Thursday, August 23, 2012

Exploring Barbados’ East Coast by Car

After ringing in 2011 on Barbados, we found ourselves lazing around on the beautiful beaches this friendly, amazing island offers. Halfway through our 10-day vacation, we rented a small car to explore the beaches on Barbados’ rugged, eastern coast.

We reserved a car in advance with Stoutes Car Rental.  A representative from Stoutes met us at the Accra Beach Hotel and sent us quickly on our way.  In Barbados, the steering wheel is on the passenger side and the driving lane is on the left-hand side of the road, the exact opposite of what we're used to in the U.S.!  Note to folks renting a car on Barbados:  It is very hot here!  Rent a car with air conditioning! 

Following a map, we drove north to Cattlewash Beach, an amazing stretch of beach sprinkled with sea glass, shells and other treasures.  The beach, which is several miles long, was completely deserted and quiet, except for the large, pounding waves.  We could have walked for miles here, as we love long walks combing the beach.  There were no hotels or buildings along the beach - just vegetation and the Atlantic ocean.

Next stop: Bathsheba.  We parked near several tour buses and walked along the beach to explore the huge rock formations, including Mushroom Rock (see photo below), in the ocean. The surf was very rough but there were small, shallow pools of water carved out of the flat coral reef, where people can safely cool off.  This beach is known worldwide for its Soup Bowl, popular among surfers and considered one of the best surfing spots in the world.

The tiny village of Bathsheba had a great "local" feel and hosted a handful of eateries, gift shops and small guest houses.  On our next trip to Barbados, we agreed that we’d like to spend a couple of quiet nights here. As we headed out of Bathsheba, we were awarded us with some amazing views of the beach and village.

As the air temperature increased, we felt the need for a swim!   Next stop was Bath Beach, which offered safe, calm water for swimming, lots of shade from the casuarina trees, a parking lot and bathroom facilities.  The water was warm and amazing.  We tried snorkeling but the small waves clouded up the visibility. We read after-the-fact of a small waterfall located north of the beach and wish we had checked it out. 

Thanks for reading!  To learn more about Barbados, click here.  To read my full trip report on my time in Barbados, click here.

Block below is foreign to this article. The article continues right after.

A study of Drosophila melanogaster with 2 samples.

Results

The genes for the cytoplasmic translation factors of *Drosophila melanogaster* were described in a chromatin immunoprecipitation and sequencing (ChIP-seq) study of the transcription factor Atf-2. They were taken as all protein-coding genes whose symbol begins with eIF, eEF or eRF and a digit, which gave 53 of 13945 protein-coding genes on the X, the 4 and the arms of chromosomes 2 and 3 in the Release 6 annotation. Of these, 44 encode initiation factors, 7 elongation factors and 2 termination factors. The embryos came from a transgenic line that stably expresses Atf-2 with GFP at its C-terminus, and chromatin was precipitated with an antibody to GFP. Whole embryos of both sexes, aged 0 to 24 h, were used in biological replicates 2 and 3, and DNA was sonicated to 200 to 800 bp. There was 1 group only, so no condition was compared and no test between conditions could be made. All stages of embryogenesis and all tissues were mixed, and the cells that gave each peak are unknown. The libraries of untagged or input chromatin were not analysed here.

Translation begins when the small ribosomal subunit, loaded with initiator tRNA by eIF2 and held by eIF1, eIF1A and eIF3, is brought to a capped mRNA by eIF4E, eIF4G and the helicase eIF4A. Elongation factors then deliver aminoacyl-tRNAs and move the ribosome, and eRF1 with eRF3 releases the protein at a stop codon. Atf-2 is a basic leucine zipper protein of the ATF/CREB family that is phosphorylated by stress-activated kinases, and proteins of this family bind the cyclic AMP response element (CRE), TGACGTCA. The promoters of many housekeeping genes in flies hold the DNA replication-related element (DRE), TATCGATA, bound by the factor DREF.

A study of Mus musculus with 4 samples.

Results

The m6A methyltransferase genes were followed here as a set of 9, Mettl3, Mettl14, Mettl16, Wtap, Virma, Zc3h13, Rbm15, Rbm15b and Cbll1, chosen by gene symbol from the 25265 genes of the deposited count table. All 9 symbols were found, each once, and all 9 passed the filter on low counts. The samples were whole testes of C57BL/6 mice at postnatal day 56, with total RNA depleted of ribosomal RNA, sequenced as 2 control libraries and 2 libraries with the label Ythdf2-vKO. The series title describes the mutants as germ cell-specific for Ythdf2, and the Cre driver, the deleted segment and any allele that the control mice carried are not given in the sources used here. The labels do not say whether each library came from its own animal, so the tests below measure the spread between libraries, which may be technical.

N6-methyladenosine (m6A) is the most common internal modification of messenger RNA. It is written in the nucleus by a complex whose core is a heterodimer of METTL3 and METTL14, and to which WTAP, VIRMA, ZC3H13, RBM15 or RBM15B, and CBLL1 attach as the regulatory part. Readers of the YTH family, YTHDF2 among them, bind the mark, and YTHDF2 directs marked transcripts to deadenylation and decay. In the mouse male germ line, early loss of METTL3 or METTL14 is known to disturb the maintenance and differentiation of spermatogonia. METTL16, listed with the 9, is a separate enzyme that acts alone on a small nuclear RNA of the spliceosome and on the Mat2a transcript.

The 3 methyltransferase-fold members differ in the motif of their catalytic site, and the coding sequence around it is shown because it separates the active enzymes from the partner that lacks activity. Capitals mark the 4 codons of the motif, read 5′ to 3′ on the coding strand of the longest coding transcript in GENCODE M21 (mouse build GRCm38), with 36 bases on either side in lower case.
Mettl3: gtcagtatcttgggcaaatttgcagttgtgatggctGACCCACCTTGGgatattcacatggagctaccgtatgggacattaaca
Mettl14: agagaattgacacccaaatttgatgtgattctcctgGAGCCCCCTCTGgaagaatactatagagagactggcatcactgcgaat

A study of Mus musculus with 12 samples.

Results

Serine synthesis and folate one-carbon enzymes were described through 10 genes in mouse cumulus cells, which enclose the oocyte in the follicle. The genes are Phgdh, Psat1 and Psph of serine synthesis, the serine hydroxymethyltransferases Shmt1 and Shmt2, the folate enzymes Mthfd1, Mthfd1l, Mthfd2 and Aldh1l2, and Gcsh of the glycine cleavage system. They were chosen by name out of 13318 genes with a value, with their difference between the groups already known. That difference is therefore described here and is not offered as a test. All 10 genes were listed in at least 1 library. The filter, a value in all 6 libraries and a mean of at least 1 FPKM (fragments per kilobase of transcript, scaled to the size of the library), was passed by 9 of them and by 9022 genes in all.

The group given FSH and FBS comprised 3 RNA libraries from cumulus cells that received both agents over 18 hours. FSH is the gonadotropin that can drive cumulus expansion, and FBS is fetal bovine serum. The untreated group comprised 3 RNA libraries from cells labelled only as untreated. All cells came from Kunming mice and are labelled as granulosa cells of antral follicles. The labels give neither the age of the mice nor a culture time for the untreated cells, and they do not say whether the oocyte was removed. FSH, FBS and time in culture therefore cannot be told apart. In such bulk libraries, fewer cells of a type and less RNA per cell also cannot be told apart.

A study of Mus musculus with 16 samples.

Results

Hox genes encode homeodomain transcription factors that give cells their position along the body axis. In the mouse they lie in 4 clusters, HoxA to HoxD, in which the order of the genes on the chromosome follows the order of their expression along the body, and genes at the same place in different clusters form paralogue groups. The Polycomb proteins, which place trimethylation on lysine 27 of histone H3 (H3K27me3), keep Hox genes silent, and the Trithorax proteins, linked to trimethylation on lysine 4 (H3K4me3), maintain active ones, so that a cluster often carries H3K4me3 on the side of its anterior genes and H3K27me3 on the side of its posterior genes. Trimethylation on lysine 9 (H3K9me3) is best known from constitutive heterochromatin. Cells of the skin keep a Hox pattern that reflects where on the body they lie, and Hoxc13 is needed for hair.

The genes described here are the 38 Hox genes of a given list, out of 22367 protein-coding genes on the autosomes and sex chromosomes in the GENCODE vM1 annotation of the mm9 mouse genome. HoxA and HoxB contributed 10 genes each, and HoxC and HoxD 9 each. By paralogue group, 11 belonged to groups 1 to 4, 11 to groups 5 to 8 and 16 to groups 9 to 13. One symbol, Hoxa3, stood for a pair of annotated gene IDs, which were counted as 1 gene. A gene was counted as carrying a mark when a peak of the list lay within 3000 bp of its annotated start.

I have to end this post with a few pictures of my FAVORITE beach on Barbados, Bottom Bay (considered south coast, not east coast).  Surrounded by tall coral cliffs, with its picturesque palm trees and sparkling turquoise water, this beach took our breath away!  The surf was too strong to swim but we would have LOVED to jump in here and spend a whole day.  Enjoy!

Wednesday, August 15, 2012

Don’t Miss Pinel Island off St. Martin!

If you find yourself on St. Martin, I highly recommend an excursion to Pinel Island on St. Martin’s east end.  Very small, very laid back and very pretty! Pinel Island is called Isle Pinel, or in French Ilet Pinel or Ile de Pinel. 

We parked our jeep in the village of Cul-de-Sac, located just past the spectacular Orient Bay, and mingled with the friendly wild donkeys roaming around in the parking lot.  

We caught the small boat to the island around noon – I wish we had caught the first boat so we could have spent a full day!  The shuttle boat leaves every 30 minutes from 10am to 5pm and the ride costs $7. The ride takes about five minutes and the water is very calm. 

Once on the island, paradise!  We checked out our surroundings on this tiny little island lined with sandy beaches; the calm, crystal clear, sparking water was absolutely stunning!  

The view of St. Martin in the distance, with its hills, was just amazing.   

 We brought our own snorkel gear and explored the reefs along the snorkel trail.

We found a trail and took a small hike to the other side of Pinel Island, which offered sea grape trees and a completed deserted beach and enjoyed the tranquil silence and scenery.

The island offers three little restaurants, Le Karabuni, the Yellow Beach restaurant and Up on the Key, as well as a small gift shop.  Since we had already had lunch, we didn’t try any food but Pinel Island sparked my never-ending love for pina coladas.

We bought a couple rounds and drank them on the beach, savoring the tasty treats topped with just enough delicious ground nutmeg.  After a couple drinks, we relaxed in the shade of some umbrellas on the beach. To this day, I have never tasted a pina colada as tasty as the ones I drank on Pinel Island. 

Around 5pm, we reluctantly caught the last boat back to the mainland with the rest of the stragglers on the island.  Seems we were not the only folks who wanted to spend more time there – the boat back to St. Martin was packed!  

To learn more about Pinel Island, click here.  A few more pictures - enjoy!